Automation is a topic that is understood wildly differently for us all.
For some of us, it’s about robots taking over the world.
For others, it’s about Outlook setting a reoccurring meeting in your diary so you don’t have to.
And then there is the in-between. This third thing is what really that sums up automation. Contrary to some beliefs, robots aren’t going to take over the world, but they might change it in a way that we would have never thought was imaginable.
Already, we are seeing some projects that would have been laughed out of the room several years ago. For example, we are hearing that Oracle are using intelligent automation to go the extra mile with tasks; in other words, they are using automation to make decisions, rather than just ask machines to do the same repetitive tasks. Then, we have Bright Machines offering their microfactory-as-service model. Basically, they are injecting flexibility into manufacturing, so any business can quickly instill automation into their offering.
Of course, even though these great projects are happening in front of our very eyes, there will be all sorts of myths that do the rounds about automation. This is something that really isn’t done any favors by politicians either, who attempt to use automation as a weapon. Rather than showing how it can make our economy more productive, and create higher paying jobs, they focus on the jobs that it is replacing. This is the wrong way to look at automation and the reason why it’s almost got its bad name.
Why should you care about automation?
Aside from the above (and the fact it is a hugely interesting field) there are other reasons to care about automation and what it is doing for our world, and perhaps the industry that you work within.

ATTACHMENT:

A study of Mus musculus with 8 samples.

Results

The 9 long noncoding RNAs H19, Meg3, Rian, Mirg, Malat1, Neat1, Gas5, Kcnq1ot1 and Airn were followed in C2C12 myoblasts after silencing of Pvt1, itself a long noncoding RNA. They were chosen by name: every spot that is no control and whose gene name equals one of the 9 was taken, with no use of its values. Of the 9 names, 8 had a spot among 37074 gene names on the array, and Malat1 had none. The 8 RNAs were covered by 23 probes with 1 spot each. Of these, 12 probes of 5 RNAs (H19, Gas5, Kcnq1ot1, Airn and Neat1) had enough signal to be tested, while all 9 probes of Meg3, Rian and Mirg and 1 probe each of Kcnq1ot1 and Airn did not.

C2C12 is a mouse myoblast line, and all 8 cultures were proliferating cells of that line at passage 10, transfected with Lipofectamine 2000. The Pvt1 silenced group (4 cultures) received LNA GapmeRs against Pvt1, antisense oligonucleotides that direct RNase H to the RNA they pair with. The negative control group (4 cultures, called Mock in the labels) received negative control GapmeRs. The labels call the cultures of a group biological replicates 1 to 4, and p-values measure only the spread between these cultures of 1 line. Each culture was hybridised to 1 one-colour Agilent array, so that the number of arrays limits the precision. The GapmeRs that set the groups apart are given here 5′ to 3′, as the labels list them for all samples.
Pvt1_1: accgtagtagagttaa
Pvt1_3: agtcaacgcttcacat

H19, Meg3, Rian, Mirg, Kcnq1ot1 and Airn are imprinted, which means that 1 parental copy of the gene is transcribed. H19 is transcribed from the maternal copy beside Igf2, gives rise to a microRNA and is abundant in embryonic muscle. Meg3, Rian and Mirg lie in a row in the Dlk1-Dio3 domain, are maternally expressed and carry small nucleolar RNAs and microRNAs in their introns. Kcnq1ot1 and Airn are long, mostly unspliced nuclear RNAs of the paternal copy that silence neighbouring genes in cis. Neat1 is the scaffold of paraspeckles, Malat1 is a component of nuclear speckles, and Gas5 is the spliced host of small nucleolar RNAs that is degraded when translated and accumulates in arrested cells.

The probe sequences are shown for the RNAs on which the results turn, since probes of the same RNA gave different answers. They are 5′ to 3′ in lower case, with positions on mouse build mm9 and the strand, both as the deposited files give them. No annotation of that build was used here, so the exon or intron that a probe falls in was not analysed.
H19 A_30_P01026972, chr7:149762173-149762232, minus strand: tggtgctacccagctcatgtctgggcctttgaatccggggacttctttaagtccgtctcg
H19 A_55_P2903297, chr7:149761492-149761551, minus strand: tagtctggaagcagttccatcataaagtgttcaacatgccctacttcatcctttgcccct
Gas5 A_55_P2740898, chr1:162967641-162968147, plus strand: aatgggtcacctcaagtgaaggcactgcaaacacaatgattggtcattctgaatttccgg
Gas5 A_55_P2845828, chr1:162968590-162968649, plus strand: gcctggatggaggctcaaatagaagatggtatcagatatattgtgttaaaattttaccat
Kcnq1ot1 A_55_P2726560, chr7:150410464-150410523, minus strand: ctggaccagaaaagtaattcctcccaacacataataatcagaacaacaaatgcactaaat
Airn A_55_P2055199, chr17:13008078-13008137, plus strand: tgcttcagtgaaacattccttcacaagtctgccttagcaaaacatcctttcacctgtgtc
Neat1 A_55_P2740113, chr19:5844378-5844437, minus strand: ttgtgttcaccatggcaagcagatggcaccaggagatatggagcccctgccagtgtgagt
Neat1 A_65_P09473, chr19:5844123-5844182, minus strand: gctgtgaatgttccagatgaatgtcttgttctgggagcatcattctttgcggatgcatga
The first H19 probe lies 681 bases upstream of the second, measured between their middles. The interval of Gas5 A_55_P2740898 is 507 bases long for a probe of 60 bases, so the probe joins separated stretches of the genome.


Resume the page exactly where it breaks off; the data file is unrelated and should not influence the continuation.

We can’t get away from the fact that some jobs will no longer be require once automation fully streamlines itself in some workplaces. But, as we keep alluding to, this is going to create newer opportunities. These are the opportunities that you need to take advantage of. You know the in’s and out’s of current processes, but how can you make these faster? Instead of being a “doer”, become a decision-maker. The aim of your current job is to get ‘x’ performed in ‘x hours’. If you can devise the knowhow to reduce this time, automation is going to work completely in your favor.
Of course, you need skills to make the above happen. Unsurprisingly, programming skills are almost a necessity and it’s understood that demand for these skills is almost going to double in the upcoming years. Some skills also won’t be as desirable and to hone in on a couple of examples, data entry and equipment operation tend to fall into this category. It means that you need to start to cross the bridge and learn skills that are going to become more needed in future years.
Finally, let’s leave you with this article from WeForum. This article outlines in a nutshell what we have been saying today; automation can be something that we fear, but over time it can help us immensely in our jobs. It refers to robots as future co-workers and if you can start to understand this, you’ll reach the final “Satisfaction” phase which most people who work with automation get to.